The traditional adumu “jumping dance” is an impressive sight to see.

Intro: Our first encounter with Kenya’s great Maasai Warriors on a cultural village visit was an experience we had never imagined possible.

Maasai Warriors adorned in beadwork. Traditionally young men would kill a lion and proudly display its teeth around his neck, but this has been outlawed to preserve these fierce predators.

The countless empty village huts on the side of the road as we drove from Nairobi to the Masai Mara had me intrigued. I wondered who lived in those homes made from what appeared to be dirt and straw. Then, in the distance, I noticed a mysterious shepherd with a herd of sheep and cattle.

Unlike most of the Kenyans I had seen in Nairobi and the towns we had driven through, he wasn’t dressed in jeans and a shirt, but instead was wrapped in a reddish cloth. As we edged ever closer to him, Hodge explained that he was a Maasai Warrior and part of a group of several thousand that live across Kenya and its adjacent African countries.

As we got closer to our lodge in the Masai Mara we encountered more Maasai Warriors, from children waving at us on the side of the road, to mothers making dinner in the center of the village and men out hunting in the grasslands. I quickly learned that this tribe of people migrated from one location to another in search of favorable land and weather, and that the empty villages we had driven by earlier in the day were once inhabited by other Maasai groups.

The Maasai tend large herds of goat and sheep that they use for both meat and milk.

When Charlene and I started looking at safaris in Kenya specifically, we kept coming across this place called the “Masai Mara.” Little did I know that the meaning of the phrase would become quite apparent and we would be able to experience firsthand the land of this ancient, nomadic tribe.

Then something hit me, like a light bulb going off in my head, and my perspective on this Kenyan adventure changed dramatically. The thought of seeing wild animals and the “Big Five” took a backseat and the idea of photographing beautiful scenic shots of the African landscape escaped my mind. I wanted to experience the life of a Maasai Warrior.

Who are they? How do they live? Why are they here? Are they dangerous? Am I allowed to speak and interact with them? Will I be able to take photos of these individuals and their lifestyle? Sure enough, on our second day in Kenya, Hodge took us to visit a local Maasai village to experience their lifestyle and meet them in person.

The Maasai Warrior villages are composed of simple huts made from straw and elephant dung – a material that has a good supply chain in the Masai Mara National Reserve.

After paying a nominal entrance fee, which helps the tribe to purchase certain necessities, we all gathered around as a group of warriors welcomed us. Led by a village leader (who spoke English quite well), the two dozen plus Maasai Warriors began their ritual of inviting new friends to their home.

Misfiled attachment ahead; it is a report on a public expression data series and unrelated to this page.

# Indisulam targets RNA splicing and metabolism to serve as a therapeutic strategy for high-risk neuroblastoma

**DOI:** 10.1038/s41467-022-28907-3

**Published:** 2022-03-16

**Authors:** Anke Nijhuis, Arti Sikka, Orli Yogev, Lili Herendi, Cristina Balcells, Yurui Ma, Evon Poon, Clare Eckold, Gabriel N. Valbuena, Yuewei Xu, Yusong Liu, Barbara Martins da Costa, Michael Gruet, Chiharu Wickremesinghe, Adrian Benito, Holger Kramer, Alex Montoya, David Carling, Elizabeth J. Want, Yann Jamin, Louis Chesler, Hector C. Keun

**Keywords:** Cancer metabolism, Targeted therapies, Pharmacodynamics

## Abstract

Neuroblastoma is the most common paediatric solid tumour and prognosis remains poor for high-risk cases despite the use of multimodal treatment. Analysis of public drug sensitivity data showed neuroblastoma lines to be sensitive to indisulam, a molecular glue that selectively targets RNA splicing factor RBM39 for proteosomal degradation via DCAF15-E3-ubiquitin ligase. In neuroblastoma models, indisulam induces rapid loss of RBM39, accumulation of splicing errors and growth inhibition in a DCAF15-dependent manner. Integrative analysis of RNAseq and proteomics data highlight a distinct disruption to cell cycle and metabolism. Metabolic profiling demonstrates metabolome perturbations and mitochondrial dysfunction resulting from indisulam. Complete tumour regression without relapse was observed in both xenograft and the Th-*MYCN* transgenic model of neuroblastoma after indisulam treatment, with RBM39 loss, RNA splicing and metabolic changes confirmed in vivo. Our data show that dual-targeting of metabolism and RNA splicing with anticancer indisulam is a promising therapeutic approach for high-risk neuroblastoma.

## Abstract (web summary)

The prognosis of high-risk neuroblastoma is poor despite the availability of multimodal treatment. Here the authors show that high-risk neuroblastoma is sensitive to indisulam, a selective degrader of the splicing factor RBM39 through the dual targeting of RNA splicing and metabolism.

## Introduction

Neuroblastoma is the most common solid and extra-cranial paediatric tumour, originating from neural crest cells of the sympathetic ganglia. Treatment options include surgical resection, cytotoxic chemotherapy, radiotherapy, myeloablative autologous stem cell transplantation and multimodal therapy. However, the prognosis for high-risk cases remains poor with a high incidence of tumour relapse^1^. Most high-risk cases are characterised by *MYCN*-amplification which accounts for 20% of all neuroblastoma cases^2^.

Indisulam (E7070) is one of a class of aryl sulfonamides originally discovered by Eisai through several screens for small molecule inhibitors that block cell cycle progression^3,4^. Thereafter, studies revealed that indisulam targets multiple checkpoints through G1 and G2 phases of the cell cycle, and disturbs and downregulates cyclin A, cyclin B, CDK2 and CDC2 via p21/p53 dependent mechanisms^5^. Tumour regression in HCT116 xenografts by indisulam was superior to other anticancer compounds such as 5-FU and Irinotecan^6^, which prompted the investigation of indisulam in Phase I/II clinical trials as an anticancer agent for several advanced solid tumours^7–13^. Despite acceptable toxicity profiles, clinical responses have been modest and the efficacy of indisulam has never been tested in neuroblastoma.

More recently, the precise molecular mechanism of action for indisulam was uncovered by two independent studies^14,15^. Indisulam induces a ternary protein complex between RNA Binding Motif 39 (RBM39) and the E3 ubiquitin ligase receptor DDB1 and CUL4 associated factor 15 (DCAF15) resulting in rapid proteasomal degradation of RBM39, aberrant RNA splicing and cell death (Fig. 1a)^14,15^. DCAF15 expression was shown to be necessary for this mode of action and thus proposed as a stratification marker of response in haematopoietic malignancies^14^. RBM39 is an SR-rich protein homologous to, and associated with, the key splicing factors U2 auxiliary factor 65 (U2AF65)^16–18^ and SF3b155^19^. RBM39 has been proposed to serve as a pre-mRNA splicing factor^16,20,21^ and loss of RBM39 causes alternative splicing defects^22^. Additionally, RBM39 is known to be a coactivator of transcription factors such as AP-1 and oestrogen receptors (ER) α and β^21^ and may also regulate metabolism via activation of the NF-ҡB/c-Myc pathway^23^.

The Maasai in this village are accustomed to western tourists coming on cultural village visits and even speak very good English.

From dances and songs to jumping contests and starting a fire, the Maasai people not only showed us their customs and traditions, but allowed me to capture every moment of it. Being able to learn, experience, and document the Maasai Warriors will always hold a special place in my heart. It was one of the first times I truly felt out of place, but at the same time right at home. The feeling of uncertainty, both exciting and nervous, together with experiencing it with Charlene, made our visit to the Maasai village feel like a book that I never wanted to stop reading.

Maasai Warriors teaching us how to make a fire using their traditional method.

I felt like I could spend a week living with the Maasai people. Sure it would be quite a challenge sleeping in an elephant dung hut the size of my closet, with temperatures soaring past 90 degrees Fahrenheit inside, or adapting to the locally foraged and hunted diet.

Perhaps I would need to trade in my hiking boots for a pair of sandals made from cut-up car tires, as well as give up my comfortable travel pants for a skirt-like piece of cloth that wrapped around my entire body. And let’s not get into the details of how I would go about killing a lion and obtaining its teeth as a sign of bravery and power.

Children in the Maasai village, many of whom now opt to wear western style clothing rather than the traditional red-checkered shuka cloth.

Although our cultural village visit with the Maasai was quite brief, I felt like I gained so much insight into the ways of these African warriors. Being able to witness their unique and long-established traditions that stretch back centuries, and listen to their ancient stories – it was an experience I couldn’t have imagined when embarking on this trip to Kenya.


  • It costs about $20USD a person, so be sure to have cash ready if you decide to visit the Maasai Warriors’ village.
  • They will present you with many amazing feats and show you their ways of living, which are all great photo opportunities. As always, be mindful and respectful.
  • The Maasais will more than likely have souvenirs available for purchase at the very end, but they never pressure you to buy anything.